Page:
I grew up close to Boston and started listening to Red Sox games on our cabinet sized radio when I was about 4. Short form: I'm a lifer.
But my contrary streak prevents me from joining that confectionary commercial known as "Red Sox Nation" which came into existence around the time the cursed tribe won the World Series in 2004 for the first time in eight decades.
It's a vehicle for selling stuff and for make-believe "belonging," comprised, near as I can tell, by the throngs who cling to winners.
I suspect the "nation" has lost half of its fair weather fans since the Sox missed the playoffs in woeful fashion a couple days ago. The squad's drastic tumble in September undermined a pretty good rest of the year.
It was big news as sportswriters and pundits piled on the Fellows of Fenway sarcastically and scornfully. To a degree the Sox had it coming. They had positioned themselves atop the big spenders, outspent only by the vile Yankees, so they were prime targets of those, including myself, who deplore the gulf between big money team contenders and small market losers. It's class warfare on another scale.
Unlike many of those who gloat over the team's failure, I don't hold anything against them. In fact, though I dislike most attempts to shoehorn religion into areas foreign to it, I see an element of Catholic social teaching here.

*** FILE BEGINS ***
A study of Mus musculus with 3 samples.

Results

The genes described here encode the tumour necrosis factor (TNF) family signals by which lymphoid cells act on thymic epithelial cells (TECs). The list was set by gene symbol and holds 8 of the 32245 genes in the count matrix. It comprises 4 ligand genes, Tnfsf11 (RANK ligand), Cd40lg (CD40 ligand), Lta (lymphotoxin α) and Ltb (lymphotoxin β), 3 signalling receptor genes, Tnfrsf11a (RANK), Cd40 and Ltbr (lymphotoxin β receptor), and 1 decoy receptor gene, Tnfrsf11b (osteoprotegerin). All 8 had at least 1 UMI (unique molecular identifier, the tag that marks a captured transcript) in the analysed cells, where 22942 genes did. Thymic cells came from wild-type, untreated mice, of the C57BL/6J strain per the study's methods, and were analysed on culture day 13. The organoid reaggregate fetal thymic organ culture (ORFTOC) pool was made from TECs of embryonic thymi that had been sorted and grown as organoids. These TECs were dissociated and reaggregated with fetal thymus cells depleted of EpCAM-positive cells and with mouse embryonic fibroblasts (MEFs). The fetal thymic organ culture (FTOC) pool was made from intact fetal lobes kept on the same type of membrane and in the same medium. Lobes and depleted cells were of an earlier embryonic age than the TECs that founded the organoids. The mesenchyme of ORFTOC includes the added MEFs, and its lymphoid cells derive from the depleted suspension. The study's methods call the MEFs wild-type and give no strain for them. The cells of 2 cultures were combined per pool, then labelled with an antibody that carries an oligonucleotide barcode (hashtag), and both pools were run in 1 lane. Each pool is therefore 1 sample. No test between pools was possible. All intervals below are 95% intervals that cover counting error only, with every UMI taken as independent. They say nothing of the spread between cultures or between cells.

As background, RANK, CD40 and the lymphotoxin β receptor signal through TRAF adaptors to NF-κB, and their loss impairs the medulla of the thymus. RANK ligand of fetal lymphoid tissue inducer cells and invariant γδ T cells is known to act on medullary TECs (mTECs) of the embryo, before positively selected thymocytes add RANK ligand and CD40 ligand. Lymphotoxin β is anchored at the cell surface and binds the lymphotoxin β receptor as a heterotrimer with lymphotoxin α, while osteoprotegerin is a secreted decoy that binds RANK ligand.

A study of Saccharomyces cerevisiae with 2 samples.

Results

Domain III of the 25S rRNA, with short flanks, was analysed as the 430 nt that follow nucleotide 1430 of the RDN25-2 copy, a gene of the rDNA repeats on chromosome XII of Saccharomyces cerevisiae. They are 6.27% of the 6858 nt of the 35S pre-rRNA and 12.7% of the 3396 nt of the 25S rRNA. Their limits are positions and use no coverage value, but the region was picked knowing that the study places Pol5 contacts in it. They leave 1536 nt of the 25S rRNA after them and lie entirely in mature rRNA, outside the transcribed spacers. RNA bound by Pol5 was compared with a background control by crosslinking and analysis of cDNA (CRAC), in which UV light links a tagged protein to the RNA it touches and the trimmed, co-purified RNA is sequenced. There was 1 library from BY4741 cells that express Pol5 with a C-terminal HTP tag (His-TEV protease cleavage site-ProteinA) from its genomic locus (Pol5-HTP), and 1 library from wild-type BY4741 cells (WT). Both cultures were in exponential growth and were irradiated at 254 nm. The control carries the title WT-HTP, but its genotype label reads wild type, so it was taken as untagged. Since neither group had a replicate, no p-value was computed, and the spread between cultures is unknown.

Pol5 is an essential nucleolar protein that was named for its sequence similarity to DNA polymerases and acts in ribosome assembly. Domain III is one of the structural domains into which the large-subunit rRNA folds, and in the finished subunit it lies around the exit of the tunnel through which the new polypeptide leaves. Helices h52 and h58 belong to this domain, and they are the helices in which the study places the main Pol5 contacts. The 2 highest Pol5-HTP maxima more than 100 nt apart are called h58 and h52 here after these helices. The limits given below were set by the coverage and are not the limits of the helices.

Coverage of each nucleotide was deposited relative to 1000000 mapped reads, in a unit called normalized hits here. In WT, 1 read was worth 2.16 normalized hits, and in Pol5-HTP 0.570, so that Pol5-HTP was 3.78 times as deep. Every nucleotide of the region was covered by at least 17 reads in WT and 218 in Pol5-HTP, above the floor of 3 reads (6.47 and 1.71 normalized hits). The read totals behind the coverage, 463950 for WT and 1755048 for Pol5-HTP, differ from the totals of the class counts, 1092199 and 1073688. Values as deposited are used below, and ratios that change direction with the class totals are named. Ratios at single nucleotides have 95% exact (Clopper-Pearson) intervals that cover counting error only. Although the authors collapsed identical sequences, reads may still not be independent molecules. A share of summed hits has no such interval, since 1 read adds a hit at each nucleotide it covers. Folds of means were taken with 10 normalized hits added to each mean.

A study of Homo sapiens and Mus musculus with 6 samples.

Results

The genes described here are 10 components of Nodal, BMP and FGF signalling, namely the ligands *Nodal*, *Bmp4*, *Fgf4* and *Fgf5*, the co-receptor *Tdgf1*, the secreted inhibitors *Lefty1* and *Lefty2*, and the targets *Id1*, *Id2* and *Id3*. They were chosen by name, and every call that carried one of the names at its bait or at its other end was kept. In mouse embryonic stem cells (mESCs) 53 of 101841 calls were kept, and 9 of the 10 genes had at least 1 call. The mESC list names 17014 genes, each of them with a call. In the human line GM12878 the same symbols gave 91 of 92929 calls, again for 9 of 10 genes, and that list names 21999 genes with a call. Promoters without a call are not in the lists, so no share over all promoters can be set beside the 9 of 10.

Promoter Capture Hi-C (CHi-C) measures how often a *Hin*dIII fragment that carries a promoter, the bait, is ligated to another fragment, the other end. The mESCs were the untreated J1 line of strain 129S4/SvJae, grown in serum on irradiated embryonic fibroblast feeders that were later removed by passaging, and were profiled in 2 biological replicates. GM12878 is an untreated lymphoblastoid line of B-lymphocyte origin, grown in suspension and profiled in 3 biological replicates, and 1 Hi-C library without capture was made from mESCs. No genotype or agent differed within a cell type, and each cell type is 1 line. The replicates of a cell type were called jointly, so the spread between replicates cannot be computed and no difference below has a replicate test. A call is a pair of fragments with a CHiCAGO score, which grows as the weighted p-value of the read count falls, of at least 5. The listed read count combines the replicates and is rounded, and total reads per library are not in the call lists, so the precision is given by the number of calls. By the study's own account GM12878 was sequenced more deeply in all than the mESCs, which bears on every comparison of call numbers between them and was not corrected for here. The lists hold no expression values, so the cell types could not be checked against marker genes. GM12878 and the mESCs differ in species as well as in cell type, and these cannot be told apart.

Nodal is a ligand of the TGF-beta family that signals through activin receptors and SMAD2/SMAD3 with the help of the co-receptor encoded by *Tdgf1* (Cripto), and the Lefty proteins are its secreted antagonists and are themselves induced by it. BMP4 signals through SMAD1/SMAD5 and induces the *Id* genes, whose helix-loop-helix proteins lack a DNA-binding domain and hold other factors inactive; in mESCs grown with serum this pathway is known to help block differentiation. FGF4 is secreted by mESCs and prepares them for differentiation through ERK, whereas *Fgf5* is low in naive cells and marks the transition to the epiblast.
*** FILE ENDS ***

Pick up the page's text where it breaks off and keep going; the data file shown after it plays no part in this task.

The key assumption is that we are created as social beings, subject to the myriad influences that stem from our interaction, and that we are products of those inter-connections, therefore responsible for each other's basic welfare.
Teams act that way. Though baseball often seems to be a loose confederation of individuals piling up personal statistics, it is ultimately a laboratory of solidarity, where each is born from the whole and the whole is more than its parts.
Which is to say that I'm not angry at the Red Sox because things happen to social units that are often beyond their understanding. I'll venture to say that no Sock wanted this to happen or plotted the team's demise. Teams get hot and the go flat, usually in rough unison. Why a group of top-notch hitters collectively goes into a slump is beyond me. Something gets transmitted among them that saps them of whatever it takes to win or invigorates them beyond their normal capacities.
This,ladies and gentlemen, is the stuff of mystery -- and a demonstration of our God-given mutuality. Yes, Papelborn should have finished the inning of relief without a scar. Crawford should have caught that sinking liner. But they didn't. THEY didn't.
I don't think will power had anything to do with it. But something did and that's where I start to get religious.